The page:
This month, I'd like to address an essential point of focus for every good metal player: how to best strengthen the pick-hand technique. The examples I'm going to show you cover a wide variety of pick-hand techniques, from using all downstrokes the alternate picking to economy picking and more, offering a systematic approach to building up these different techniques that will allow you to play with more expression, control and power.
The band, its label and its management also came up with the idea to release the three discs in succession rather than put them out all at once or as a set. ¡Uno! comes out September 25, ¡Dos! hits on November 13, and ¡Tré! will be released on January 15, 2013. It’s an unconventional move, but one that’s perhaps more attuned to the short-attention-span digital era.
This month, I'd like to talk about a cool, useful technique I sometimes use called “double picking,” which involves repeating each note in a melody twice using alternate (down-up) picking. A good example of this technique can be found in the first solo I play in “An Infinite Regression,” from Animals as Leaders’ latest release, Weightless.
In the following video, Guitar World's Paul Riario tries out the new Fender Johnny Marr Jaguar Signature Model, a guitar that reviewer Chris Gill calls "the best Jaguar that the company has ever produced."
"Earth Departure" is one of the most adventurous tunes on the new Animals As Leaders album, Weightless. The song features some very intense, complex figures that require extremely tight band interplay.
"You know,” Def Leppard guitarist Phil Collen says, “we weren’t doing what we were doing to be different. We were a bit different.” What they did was create one of the more forward-thinking, over-the-top and ultimately successful albums in rock history: Hysteria. Released 25 years ago this summer, the record spawned an astonishing seven hit singles, including “Animal,” “Love Bites” and the monster smash “Pour Some Sugar on Me.” It also hit Number One on the U.S. album chart—three times, no less—and went on to sell more than 20 million copies worldwide.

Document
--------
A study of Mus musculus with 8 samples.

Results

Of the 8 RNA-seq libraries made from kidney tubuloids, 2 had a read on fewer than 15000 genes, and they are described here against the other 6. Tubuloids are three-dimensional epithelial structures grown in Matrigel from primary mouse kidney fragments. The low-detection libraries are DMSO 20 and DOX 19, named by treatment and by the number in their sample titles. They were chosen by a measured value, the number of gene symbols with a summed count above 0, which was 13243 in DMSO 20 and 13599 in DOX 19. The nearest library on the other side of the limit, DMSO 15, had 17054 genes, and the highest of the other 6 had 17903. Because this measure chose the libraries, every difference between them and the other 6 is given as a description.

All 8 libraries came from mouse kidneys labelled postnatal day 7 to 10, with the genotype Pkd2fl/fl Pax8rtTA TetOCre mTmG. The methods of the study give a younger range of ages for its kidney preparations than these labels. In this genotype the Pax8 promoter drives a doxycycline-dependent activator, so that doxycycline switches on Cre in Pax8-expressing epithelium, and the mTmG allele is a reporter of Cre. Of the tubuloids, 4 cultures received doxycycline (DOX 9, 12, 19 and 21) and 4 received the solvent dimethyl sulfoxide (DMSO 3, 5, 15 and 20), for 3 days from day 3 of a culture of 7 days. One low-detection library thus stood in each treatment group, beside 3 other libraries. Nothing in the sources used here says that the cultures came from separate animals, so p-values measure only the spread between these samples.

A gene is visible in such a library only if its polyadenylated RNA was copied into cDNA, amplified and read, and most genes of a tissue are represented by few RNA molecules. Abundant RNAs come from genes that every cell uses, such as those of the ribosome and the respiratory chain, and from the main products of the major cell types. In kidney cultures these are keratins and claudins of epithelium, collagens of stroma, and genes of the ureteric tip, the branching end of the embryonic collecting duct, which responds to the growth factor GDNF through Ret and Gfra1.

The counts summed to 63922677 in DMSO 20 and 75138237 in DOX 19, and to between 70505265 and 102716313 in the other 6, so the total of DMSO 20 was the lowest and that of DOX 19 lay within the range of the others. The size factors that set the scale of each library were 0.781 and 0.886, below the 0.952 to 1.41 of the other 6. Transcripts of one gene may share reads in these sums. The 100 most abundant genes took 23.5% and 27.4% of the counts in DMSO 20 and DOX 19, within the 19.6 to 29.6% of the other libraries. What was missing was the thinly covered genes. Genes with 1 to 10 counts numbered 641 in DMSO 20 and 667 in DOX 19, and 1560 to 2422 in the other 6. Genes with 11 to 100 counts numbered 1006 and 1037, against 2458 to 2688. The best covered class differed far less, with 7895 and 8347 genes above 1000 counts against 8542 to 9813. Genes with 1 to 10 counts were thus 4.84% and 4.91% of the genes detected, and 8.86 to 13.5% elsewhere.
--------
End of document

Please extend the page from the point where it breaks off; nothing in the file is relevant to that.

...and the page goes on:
Since they became a hot live ticket in the late Seventies, Rush have had little trouble filling the arenas and EnormoDomes of the world. But in the past few years, Alex Lifeson has noticed a change in their audience, and it’s not a subtle one. “We’re reaching a lot more young kids and teens,” he says. “You look out and see all these new faces, kids with their parents. It’s a wonderful thing to be able to see your music going from generation to generation.”
Initially, I had no clue that the Lonnie Johnsons and even the Robert Johnsons of the blues world existed. I just wanted to play like [Free’s] Paul Kossoff, Jeff Beck and Eric Clapton when he was in Cream.
Once upon a time, video games were considered the nerdy domain of geeks, freaks and social misfits. Over the past couple of decades, however, the $65-billion gaming industry has become as ubiquitous and all-American as baseball and apple pie. The long-term cultural and psychological impact of gaming and the relentless pursuit of “the next level” will undoubtedly fuel countless sociology books and psychiatric papers, but for now one only has to listen to the ambitious, cutting-edge prog-rock of Periphery for a glimpse of how gaming is shaping art and music in the 21st century.